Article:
Although previous generations of Nintendo hardware have hosted a myriad of superb role playing experiences, the Wii’s library is glaringly deficient in the genre. Beyond Super Paper Mario, Fire Emblem: Radiant Dawn, and Rune Factory: Frontier, RPGs on the system have either been Virtual Console retreads, or mediocre efforts like Opoona or Baroque. Even when including these antiquated emulations and middling works, the quantity of RPGs is dwarfed by the number of racers or fighting games.
Luckily, NIS America’s inaugural Wii title looks to remedy the situation. While the recently released Phantom Brave: We Meet Again is a port of the similarly named 2004 PS2 title, there enough enhancement and additional content to warrant a double-dip for fans of the original title. Strategy RPG fans who have never experienced the previous game should hunt down a copy of We Meet Again; the disc holds enough tactical enjoyment to easily justify its cost.
Brave Phantom’s prologue establishes the overall melancholic tone for the title, as a young married couple and their stalwart companion meet a tragic fate. With death imminent, the husband begins to cast a spell to protect the escort, but his magic is interrupted by the strong opponent. This places their guide- Ash, in a purgatorial space between worlds, transforming him into a phantom. Years pass, and the player is introduced to the couple’s surviving daughter, Marona, who has the uncanny ability to interact with phantoms. Sadly, this attributes makes her an eccentric, young, outcast and shapes the title’s forlorn tenor. As such, Phantom Brave mines a weighty emotional terrain seldom explored by most RPGs.
Fans of Nippon Ichi’s turn-taking combat should immediately comprehend We Meet Again’s battle system, even though the title dispatches the distinctive grid-based mechanics typical for the developer. As Marona enters a battlefield, she has the ability to confine phantoms to the environment’s natural resources- rocks, trees and boulders. Each conjured combatant’s statics can be augmented by a tactical choice- stones add power to soldiers, while trees add intelligence to spellcasters. Additionally, Phantoms only survive a limited number of turns, adding to the game’s strategic depth.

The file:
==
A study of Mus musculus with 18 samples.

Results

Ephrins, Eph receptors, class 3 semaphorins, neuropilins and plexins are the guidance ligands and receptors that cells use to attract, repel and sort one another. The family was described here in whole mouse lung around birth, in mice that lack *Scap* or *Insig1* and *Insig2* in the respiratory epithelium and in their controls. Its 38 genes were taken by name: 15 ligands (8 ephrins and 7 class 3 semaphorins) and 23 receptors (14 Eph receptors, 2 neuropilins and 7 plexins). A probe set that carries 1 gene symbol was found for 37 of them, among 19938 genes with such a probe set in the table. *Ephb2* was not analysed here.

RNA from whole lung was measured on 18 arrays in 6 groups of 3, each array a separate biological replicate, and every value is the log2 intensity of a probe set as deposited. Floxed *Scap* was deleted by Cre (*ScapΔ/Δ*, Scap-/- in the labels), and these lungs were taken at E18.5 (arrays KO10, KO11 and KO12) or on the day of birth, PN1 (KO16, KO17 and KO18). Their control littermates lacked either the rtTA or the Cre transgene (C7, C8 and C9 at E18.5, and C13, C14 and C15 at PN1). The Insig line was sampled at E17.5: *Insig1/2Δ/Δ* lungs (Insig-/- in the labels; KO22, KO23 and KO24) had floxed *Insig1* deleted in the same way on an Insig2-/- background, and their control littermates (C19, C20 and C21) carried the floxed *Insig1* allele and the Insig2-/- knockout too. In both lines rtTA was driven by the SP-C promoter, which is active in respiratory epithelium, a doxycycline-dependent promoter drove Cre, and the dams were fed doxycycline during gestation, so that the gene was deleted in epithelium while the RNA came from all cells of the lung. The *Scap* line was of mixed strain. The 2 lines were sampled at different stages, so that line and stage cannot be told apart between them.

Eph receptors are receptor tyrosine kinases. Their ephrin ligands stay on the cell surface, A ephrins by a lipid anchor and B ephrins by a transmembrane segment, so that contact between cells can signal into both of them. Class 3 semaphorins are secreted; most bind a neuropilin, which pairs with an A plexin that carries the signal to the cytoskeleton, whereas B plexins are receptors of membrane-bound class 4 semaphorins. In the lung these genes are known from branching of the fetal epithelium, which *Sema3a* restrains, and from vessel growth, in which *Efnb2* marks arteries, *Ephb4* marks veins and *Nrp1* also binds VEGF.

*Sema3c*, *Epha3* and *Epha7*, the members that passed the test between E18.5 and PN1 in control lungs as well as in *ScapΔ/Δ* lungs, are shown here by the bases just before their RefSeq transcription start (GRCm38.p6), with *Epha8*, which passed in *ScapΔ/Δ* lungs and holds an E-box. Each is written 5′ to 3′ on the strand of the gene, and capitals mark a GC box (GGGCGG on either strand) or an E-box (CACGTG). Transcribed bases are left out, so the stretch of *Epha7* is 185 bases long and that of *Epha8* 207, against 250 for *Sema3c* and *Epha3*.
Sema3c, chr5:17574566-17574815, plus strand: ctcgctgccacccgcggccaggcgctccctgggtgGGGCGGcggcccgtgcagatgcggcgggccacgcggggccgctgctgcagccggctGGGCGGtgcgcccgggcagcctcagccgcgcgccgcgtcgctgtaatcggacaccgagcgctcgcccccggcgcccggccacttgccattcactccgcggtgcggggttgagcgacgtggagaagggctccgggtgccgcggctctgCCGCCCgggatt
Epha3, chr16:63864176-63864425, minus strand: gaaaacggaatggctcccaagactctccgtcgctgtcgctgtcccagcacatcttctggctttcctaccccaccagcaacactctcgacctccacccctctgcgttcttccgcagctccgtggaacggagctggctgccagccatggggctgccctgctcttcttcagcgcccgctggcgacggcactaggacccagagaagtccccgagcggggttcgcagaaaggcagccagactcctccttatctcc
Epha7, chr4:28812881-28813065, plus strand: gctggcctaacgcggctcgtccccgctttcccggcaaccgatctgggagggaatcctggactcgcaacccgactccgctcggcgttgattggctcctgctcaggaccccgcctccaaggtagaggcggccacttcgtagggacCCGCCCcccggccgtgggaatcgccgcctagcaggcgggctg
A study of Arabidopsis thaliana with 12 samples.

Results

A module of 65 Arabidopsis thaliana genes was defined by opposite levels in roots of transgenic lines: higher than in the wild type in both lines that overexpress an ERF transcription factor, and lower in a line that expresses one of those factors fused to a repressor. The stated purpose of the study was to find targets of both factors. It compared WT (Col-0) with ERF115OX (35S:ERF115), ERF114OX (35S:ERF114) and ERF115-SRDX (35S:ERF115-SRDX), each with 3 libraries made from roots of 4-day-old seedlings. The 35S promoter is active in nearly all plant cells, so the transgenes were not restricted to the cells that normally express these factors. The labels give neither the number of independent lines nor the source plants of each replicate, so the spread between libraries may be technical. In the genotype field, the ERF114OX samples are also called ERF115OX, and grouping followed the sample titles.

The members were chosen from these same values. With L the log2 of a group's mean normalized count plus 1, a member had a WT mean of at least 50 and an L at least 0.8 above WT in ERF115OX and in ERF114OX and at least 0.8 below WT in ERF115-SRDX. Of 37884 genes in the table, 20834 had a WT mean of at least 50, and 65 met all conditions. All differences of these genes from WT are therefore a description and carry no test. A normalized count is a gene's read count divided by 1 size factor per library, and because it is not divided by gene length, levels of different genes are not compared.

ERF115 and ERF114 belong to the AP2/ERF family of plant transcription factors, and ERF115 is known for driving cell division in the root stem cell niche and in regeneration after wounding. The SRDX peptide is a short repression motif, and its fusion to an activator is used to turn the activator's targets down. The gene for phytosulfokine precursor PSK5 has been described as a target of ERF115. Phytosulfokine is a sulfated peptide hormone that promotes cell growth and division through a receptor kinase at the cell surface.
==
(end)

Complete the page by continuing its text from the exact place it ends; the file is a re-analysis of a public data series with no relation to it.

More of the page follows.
Once players have ‘confined’ a phantom, the entity’s movement is confined not by steps, but by a circular range. The system eliminates the grid-based estimations of range, instead viewing the environment as a three-dimensional space, especially when utilizing wedge-shaped special moves. While the concept is novel, its execution can be nit-picky at times. Periodically, players will have to make small adjustments to their teammates locations, so that an attack can be executed. The title shuns the use of Wiimote pointing, wisely offering Classic Controller, Gamecube as well as horizontal and vertical-oriented controller positions.
While Phantom Brave’s environments have been given a high-res upscaling, resulting in some marvelous hand-drawn backdrops, the title’s plucky characters remain amusingly pixilated. While this might deter some visual connoisseurs, other might bask in the game’s retro-charm. Fortunately, each hero and foe is animated admirably, and some of the more robust attacks produce vibrant, eye-grabbing displays. With the ability to have the game’s voice-overs in English or Japanese, along with a wonderfully varied soundtrack, We Meet Again will certainly please player’s ears.
With an elegant slip case, nifty art disc, eighty-hour playtime and lowered MSRP, role playing game fans will find the deal of the summer within Phantom Brave. Owners of the original PS2 title should find the additional chapters (playable from the start of the game), and renovated art to be incentive enough to be reintroduced to We Meet Again. The title’s distinctive atmosphere coupled with its engaging tactics assure that this will undoubtedly become a cherished addition to the Wii’s RPG library.